We could spend less money.
In Education we spend far more than the 80's and have less to show for it.
In healthcare we have astronomical costs that have not bought us more vitality, but an extended morbidity. Gone are the days of grandmothers with sinewy arms maintaining huge gardens. Obesity in the early 2000's was at "crisis" levels and it's gotten so much worse that we just stopped talking about it. But we can keep the numbers up a bit here and there.
In infrastructure we let car-first build-out destroy everything Jane Jacobs said we were going to lose. Valuable things that cost no money at all, but are too intangible for top-down planning to notice.
The failure of imagination isn't finding new people to juice. It's finding ways to be effective. I agree they are very bad at their jobs, but I don't think finding a new way to tax the rich is any more creative or sustainable. I think it's the same failure of imagination that you fear.
We could spend less money on healthcare by adopting Medicare4All or similar.
We could cut the military budget _dramatically_ without impacting our national security.
And yet both parties have done little but increase the extent to which our countries is beholden to banks.
If you think you can replicate the healthcare success of [pick your model country] without also replicating their obesity rates, doctors salaries, amount of testing and prescriptions, etc, you will find that who pays for it all is the least of your concerns. As Americans consider it, we probably have too much "healthcare", not too little.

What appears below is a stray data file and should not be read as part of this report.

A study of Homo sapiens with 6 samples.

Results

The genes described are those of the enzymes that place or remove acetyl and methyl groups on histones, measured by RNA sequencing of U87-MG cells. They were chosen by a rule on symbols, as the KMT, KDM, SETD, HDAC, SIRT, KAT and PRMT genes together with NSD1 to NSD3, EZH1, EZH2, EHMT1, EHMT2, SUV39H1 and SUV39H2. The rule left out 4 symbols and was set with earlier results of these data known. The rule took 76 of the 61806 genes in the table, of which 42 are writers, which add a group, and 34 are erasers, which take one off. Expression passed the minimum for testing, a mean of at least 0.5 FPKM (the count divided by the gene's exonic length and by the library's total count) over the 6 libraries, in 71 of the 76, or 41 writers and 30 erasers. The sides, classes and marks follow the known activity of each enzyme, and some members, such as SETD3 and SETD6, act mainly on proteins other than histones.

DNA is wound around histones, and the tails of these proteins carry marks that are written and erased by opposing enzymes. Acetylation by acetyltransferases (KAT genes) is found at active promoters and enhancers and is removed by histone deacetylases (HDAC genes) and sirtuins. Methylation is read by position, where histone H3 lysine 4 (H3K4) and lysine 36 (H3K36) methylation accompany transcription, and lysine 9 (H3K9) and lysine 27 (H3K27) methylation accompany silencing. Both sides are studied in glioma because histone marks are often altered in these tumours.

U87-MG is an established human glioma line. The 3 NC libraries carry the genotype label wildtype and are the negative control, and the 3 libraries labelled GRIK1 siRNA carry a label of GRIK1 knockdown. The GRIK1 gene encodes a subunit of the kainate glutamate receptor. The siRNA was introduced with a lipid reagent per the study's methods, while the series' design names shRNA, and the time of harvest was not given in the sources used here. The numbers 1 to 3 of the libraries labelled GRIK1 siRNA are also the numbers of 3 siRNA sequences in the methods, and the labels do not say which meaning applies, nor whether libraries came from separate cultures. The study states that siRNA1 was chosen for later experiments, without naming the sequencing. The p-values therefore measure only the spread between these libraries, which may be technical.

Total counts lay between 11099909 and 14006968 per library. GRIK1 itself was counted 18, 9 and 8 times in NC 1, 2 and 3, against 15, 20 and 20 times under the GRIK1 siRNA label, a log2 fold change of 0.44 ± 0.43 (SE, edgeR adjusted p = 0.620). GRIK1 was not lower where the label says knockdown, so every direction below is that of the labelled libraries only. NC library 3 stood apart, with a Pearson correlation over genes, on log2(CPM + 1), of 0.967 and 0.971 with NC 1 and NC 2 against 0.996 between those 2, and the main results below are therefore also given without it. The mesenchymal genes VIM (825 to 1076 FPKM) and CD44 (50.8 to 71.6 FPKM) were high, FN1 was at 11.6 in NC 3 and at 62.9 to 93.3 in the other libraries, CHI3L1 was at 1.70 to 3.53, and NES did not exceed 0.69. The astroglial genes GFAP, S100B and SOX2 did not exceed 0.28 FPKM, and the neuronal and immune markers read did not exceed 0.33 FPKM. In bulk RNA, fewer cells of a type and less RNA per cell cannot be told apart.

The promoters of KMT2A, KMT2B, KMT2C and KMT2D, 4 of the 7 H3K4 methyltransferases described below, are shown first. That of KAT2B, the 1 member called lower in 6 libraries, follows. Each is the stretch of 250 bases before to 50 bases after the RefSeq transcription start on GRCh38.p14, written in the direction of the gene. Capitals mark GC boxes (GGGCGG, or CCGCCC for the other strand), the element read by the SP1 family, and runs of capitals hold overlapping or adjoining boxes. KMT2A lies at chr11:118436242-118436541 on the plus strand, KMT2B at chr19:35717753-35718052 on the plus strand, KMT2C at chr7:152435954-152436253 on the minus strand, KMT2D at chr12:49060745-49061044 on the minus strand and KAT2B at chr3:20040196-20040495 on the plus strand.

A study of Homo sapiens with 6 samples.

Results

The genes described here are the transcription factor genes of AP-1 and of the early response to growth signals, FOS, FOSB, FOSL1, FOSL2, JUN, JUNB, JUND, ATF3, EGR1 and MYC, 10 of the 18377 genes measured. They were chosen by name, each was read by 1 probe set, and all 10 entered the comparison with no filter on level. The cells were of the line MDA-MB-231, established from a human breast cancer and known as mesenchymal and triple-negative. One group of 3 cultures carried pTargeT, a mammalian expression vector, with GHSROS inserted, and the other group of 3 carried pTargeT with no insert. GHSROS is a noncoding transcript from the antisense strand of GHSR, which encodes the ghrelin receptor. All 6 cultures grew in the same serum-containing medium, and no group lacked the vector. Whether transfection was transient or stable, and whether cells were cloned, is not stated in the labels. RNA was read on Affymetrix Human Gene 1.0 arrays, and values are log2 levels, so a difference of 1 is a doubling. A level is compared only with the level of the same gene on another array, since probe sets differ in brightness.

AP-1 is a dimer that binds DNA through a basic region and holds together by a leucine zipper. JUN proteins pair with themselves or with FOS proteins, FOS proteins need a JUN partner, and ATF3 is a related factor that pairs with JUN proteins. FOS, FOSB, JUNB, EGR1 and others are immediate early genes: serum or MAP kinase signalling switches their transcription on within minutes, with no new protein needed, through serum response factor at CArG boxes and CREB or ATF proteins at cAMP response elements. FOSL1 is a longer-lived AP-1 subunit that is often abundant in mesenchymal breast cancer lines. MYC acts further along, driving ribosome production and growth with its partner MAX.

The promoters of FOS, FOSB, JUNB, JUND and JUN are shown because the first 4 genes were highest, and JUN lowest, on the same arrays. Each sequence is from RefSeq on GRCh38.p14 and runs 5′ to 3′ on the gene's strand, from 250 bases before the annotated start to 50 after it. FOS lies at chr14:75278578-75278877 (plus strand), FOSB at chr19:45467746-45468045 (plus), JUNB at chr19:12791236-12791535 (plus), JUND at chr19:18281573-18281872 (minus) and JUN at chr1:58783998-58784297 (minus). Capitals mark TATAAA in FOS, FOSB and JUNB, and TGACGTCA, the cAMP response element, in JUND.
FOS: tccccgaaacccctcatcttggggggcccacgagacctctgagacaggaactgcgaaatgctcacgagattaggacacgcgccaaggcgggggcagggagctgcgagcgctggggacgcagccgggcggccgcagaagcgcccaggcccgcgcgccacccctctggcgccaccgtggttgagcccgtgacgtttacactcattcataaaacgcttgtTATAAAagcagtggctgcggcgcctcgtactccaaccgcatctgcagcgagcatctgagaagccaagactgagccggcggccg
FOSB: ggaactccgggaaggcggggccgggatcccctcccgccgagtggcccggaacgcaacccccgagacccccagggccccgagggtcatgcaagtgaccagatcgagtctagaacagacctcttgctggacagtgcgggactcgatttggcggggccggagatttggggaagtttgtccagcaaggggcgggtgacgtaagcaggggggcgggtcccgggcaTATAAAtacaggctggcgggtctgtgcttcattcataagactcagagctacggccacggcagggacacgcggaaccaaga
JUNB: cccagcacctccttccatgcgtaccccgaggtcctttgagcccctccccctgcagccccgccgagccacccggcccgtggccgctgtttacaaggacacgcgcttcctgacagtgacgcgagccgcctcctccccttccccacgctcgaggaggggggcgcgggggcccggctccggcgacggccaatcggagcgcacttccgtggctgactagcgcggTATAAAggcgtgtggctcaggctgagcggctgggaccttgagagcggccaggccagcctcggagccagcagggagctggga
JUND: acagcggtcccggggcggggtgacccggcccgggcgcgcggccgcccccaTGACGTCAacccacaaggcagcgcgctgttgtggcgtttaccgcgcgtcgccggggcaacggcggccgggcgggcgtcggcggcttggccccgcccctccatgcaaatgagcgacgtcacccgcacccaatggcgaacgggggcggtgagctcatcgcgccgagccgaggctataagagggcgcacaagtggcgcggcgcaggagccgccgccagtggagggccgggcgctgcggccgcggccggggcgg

Others have spent far more time than me on this if you're interested: https://randomcriticalanalysis.com/2020/01/31/i-created-a-pr...
The stuff about pharmacy benefits and doctor salaries are artifacts of our weird way of paying for things. I'm not sure why you're portraying them as separate, isolated issues.
We just need to fix billing, end price fixing, and massively deregulate - certificates of need, bans on telemedicine, pay for procedure etc. This will actually fix it. Medicare and Medicaid are incredibly expensive and inefficient.
This appears to be, at the very least, debatable:
Even funnier is we can blame our covid 19 failures on being unhealthy: https://www.cnn.com/2020/05/17/politics/us-health-conditions...
Obviously this a bit of shift the blame (played by both parties), but we can see that reaching for this argument means we really have failed on the healthcare and preventative medicine side - covid19 just calls this out.